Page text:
Automotive

high end car loans

[OP]

The US market seems to be full of lenders who offer excellent products for mid life crisis cars. Canada seems to be much more limited.

Are there any options for lenders that deal directly? (I'm not talking about the typical exotic dealership "we lease cars" by white papering someone else's funding).

I heard some of the credit unions do things in a more flexible way.
In the US they have something called Lending Tree.
Lending Tree can connect you with dozens upon dozens of lenders. You can finance your new Lambo for 12 years if you want.
While Lending Tree is nothing more than a broker we don't have such a one stop borrowing service such as that.
mobility1 wrote: Are there any options for lenders that deal directly? (I'm not talking about the typical exotic dealership "we lease cars" by white papering someone else's funding).
For the most part auto dealers don't lease/finance their own cars unless it's some gutter operation that specializes in poor credit people.
Dealers in general do not want to hold their own finance paper and wait 4,5,6,8 years to get fully paid from a sale.
So while there may be a big sign that says we lease cars it's probable they don't and just farm your app out to a finance source anyways.

Anyone that is going to buy a highend auto product is not going to want to use their own finance source. At least the smart ones won't.
Jul 13, 2009
Most dealers can offer financing or leasing, unless your credit is less than desirable and need alternative lending which those US ones are. Basically lending money to people who can't afford the car at all....which you should really reconsider.
Jr. Member
Mar 31, 2009
Deal Addict
Feb 11, 2018
And 5 years later, the guy still owing 180k in loan + interest when the car worth only 80k
Not sure what you mean by this statement?
booblehead wrote: Are we talking Aston ? Lamborghini ? Ferrari? Mclaren? ... type of high ends
yes, that type of range. I've owned expensive cars before and cash financed them. That's an option here, but I would rather not.
bhrm wrote: ???
Most dealers can offer financing or leasing, unless your credit is less than desirable and need alternative lending which those US ones are. Basically lending money to people who can't afford the car at all....which you should really reconsider.
The US seems to have a lending industry for people who prefer to finance cars rather than need to finance cars. People with assets and excellent credit. Places like PenFed do this type of business, and as far as I can tell, we have no equivalent here.

https://www.penfed.org/auto
TomLafinsky wrote: If you need a loan to buy a true high-end car you might want to forget it. Or you will be digging yourself a bigger hole. About 4 years ago a brake job on a McLaren was $25K. Moreover only truly enjoyable if you have access to a race track.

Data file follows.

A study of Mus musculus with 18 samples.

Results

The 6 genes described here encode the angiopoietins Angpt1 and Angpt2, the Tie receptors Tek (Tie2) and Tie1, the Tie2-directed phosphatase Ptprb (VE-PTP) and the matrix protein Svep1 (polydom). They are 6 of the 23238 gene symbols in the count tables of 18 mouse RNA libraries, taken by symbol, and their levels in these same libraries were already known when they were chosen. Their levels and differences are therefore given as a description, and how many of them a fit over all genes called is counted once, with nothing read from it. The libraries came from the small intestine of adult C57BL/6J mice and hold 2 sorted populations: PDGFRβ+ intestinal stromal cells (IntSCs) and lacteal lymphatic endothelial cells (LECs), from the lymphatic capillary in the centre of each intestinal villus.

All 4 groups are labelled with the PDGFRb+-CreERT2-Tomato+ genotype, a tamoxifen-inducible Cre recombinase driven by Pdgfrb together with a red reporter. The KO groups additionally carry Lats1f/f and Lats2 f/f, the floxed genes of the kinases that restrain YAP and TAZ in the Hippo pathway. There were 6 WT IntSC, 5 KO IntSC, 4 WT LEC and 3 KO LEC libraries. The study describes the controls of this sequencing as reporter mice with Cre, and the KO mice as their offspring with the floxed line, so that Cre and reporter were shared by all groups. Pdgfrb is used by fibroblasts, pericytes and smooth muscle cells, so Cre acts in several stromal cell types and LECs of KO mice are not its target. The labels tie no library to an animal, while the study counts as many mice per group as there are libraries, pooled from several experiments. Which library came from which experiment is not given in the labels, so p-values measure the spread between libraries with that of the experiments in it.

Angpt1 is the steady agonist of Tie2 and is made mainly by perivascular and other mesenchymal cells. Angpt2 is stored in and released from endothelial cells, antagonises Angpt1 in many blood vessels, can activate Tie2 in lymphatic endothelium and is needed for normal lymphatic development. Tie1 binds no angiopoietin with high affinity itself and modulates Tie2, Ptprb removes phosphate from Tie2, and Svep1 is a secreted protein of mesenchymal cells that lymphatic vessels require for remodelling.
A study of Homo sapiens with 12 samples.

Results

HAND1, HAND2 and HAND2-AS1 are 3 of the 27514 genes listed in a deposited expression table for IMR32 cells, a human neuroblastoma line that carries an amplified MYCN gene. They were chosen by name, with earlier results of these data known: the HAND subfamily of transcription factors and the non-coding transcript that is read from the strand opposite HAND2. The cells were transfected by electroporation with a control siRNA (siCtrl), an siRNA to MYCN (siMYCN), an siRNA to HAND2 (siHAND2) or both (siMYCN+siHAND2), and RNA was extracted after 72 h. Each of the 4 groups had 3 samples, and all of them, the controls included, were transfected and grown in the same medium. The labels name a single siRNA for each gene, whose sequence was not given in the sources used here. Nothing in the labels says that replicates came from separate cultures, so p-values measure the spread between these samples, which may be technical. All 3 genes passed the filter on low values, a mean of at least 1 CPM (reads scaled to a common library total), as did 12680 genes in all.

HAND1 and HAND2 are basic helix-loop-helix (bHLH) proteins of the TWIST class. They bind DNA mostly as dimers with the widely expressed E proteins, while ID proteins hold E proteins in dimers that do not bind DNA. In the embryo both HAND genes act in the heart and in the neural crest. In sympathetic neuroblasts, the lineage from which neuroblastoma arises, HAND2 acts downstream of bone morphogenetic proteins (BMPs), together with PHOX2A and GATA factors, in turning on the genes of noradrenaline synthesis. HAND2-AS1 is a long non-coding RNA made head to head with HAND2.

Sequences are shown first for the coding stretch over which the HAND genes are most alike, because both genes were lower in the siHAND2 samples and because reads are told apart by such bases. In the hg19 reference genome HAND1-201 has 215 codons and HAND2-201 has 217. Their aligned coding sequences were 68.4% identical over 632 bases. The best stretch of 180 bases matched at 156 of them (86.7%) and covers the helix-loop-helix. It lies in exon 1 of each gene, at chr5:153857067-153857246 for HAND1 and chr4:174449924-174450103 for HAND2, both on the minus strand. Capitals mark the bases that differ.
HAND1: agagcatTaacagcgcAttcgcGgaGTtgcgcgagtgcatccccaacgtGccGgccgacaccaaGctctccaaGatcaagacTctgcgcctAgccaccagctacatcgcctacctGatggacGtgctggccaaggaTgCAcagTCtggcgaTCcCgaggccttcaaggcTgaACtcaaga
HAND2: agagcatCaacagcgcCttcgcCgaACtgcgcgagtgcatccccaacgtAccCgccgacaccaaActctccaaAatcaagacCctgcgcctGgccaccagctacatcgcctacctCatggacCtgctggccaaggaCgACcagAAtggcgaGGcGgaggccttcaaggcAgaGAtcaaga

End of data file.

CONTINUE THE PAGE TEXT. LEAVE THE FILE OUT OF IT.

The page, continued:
I agree: if you need a loan, it's probably not a good idea to buy the car. But if you can afford it cash, it doesn't mean it's efficient. If you can get a low rate on an auto loan, then your cost of ownership is the depreciation plus the carrying cost (ie total interest payments) on the vehicle. For Canadians buying higher end used cars, it seems to make more sense to just pay cash - Americans with their options it might not be so obvious. I just can't tell if Canadians do have such lenders, and I just haven't found one yet.
As for 'Americans prefer to borrow', that's.....all marketing and poor financial education. Look at the last recession and the state of their auto loans as a country, it's ridiculously scary. How else do they have TV shows like Operation Repo?
Newbie
Oct 19, 2008
It's in interesting question, and I've been thinking the same thing as it keeps getting mentioned on things like VinWiki, Smoking Tire etc. Assuming you are looking at what they talk about.

An example for context, buying "older" exotic cars (older is relative) that have already suffered their depreciation, and are unlikely to depreciate much more, or, will even start to appreciate. But, are still expensive. Many will finance those, even if they have the cash, because the interest is less than they can earn on their money elsewhere.
As a random example with random numbers of what I have seen. Exotic Car was $250K new. It has depreciated to $100K, but has shown it will go no lower, or, is even starting to go up in value. So, rather than put $100K in cash into an older car, finance it at low interest rate, drive car for 2 years, sell it for $100K as it's already fully depreciated, and only cost for the 2 years is maintenance and any interest. If value of car goes up at all, it might not even cost you that.

*Edit: I haven't seen any companies specializing in financing these cars in Canada (there are a few in the US) but interested to see if you have any luck.